Intract’s General Manager John Briggs speaks proudly about his Aboriginal heritage

John Briggs

General Manager, Southern Region

John is a proud Yorta Yorta man from Cummrugunja (Our Home), part of the Barmah Forest on the Murray River border region between Victoria and New South Wales.

John brings passion, extensive industry experience and a true understanding of the Aboriginal culture to Intract and plays an instrumental role in supporting and mentoring Intract personnel. He has devoted a significant portion of his working life sharing his experiences and working with Aboriginal people both in his local community and across all states and territories of Australia.

For over 15 years, John worked in the mines in Western Australia, nine of those years with Rio Tinto and six years as a supervisor trainer with Aboriginal Training and Liaison (ATAL). John was responsible for heritage clearance, Native Title Land Use Agreements, education and training for employees both within the boundaries of the mine leases and on associated external road, rail, power, water, exploration and rehabilitation sites.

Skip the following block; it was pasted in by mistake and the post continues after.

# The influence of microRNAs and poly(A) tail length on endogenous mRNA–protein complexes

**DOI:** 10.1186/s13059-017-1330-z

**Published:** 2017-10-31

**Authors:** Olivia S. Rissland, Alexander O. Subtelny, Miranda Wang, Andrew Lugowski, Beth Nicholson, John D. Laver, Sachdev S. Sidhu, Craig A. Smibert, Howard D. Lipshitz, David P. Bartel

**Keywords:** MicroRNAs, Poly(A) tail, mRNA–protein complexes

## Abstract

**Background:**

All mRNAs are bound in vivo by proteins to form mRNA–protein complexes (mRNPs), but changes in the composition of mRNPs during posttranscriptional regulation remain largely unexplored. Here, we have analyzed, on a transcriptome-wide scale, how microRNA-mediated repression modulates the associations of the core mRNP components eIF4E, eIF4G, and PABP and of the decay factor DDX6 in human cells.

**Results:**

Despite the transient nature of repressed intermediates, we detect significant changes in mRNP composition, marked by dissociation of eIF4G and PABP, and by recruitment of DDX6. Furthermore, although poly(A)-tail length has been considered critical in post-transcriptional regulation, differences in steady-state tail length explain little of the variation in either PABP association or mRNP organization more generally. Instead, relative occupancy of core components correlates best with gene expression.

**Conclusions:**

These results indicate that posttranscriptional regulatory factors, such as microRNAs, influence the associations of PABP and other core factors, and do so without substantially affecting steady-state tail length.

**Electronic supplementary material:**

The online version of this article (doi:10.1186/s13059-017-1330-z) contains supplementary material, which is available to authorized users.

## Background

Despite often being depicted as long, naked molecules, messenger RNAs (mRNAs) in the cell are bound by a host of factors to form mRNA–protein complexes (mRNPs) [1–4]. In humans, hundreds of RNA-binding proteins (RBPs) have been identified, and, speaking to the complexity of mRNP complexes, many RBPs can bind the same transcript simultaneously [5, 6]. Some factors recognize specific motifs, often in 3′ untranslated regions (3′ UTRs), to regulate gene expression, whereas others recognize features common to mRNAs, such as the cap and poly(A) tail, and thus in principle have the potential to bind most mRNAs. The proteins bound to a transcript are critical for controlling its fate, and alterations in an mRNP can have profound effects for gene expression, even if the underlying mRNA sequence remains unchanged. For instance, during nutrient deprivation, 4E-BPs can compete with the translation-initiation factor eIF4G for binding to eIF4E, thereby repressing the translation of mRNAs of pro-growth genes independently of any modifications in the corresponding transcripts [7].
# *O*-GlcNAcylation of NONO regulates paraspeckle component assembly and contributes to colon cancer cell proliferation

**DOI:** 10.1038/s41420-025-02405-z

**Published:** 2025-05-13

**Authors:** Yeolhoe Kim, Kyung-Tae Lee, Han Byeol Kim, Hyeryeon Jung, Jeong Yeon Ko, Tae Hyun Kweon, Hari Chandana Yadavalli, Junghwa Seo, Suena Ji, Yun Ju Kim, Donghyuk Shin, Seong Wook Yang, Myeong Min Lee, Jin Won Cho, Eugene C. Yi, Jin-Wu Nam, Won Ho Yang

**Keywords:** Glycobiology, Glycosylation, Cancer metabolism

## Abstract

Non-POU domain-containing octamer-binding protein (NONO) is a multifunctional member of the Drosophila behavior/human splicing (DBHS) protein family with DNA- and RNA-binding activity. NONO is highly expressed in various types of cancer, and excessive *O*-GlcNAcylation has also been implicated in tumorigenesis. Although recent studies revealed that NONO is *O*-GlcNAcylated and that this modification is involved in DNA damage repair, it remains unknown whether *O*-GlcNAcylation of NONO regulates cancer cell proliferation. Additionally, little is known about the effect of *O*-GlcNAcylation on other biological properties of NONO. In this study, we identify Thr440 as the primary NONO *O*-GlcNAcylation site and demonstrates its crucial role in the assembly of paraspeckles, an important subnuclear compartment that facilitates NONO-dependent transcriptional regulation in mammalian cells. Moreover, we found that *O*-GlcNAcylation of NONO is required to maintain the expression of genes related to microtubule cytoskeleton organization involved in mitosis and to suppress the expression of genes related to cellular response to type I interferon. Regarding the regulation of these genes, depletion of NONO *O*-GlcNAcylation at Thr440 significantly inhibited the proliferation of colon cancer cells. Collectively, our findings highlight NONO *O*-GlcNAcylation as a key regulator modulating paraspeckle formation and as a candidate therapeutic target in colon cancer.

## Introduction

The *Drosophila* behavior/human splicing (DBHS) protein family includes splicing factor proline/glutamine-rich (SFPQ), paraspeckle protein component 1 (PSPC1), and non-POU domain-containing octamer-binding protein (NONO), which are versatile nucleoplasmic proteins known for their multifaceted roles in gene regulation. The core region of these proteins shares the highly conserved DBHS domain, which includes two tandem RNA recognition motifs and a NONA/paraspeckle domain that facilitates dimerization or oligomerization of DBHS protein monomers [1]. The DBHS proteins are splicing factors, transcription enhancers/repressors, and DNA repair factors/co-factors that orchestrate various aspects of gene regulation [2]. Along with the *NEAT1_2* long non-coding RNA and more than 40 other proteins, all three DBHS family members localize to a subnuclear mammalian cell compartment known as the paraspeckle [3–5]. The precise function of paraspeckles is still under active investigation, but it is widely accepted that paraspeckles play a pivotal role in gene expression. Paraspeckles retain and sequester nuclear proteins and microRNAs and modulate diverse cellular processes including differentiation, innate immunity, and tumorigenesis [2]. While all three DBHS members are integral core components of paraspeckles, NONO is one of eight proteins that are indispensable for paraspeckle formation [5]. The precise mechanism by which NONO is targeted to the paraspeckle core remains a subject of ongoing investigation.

During his time with ATAL, John passionately trained locals to be “Mine Ready” focusing on the areas of operating dozers, graders, trucks and loaders, and in obtaining heavy vehicle licenses. John’s mechanical background allowed him to educate trainees in servicing equipment as well as performing minor repairs and welding. All trainees were sourced from local communities in keeping with the Land Use Agreements and many of his students gained lasting employment with either Rio Tinto or through their various supply contractors. John and his team maintained a strong focus on safety which resulted in three years Lost Time Injury free.

John adopted a mentoring relationship with many of the trainees and was exposed to all aspects of tribal life, gaining an intimate knowledge of the Aboriginal culture. John was faced with many cultural issues during his time with ATAL, including lore time, different skin groups, family relationships, elders, and funerals. At the same time, he gained deep appreciation of Indigenous health, housekeeping, budget control, basic education, language and local authorities.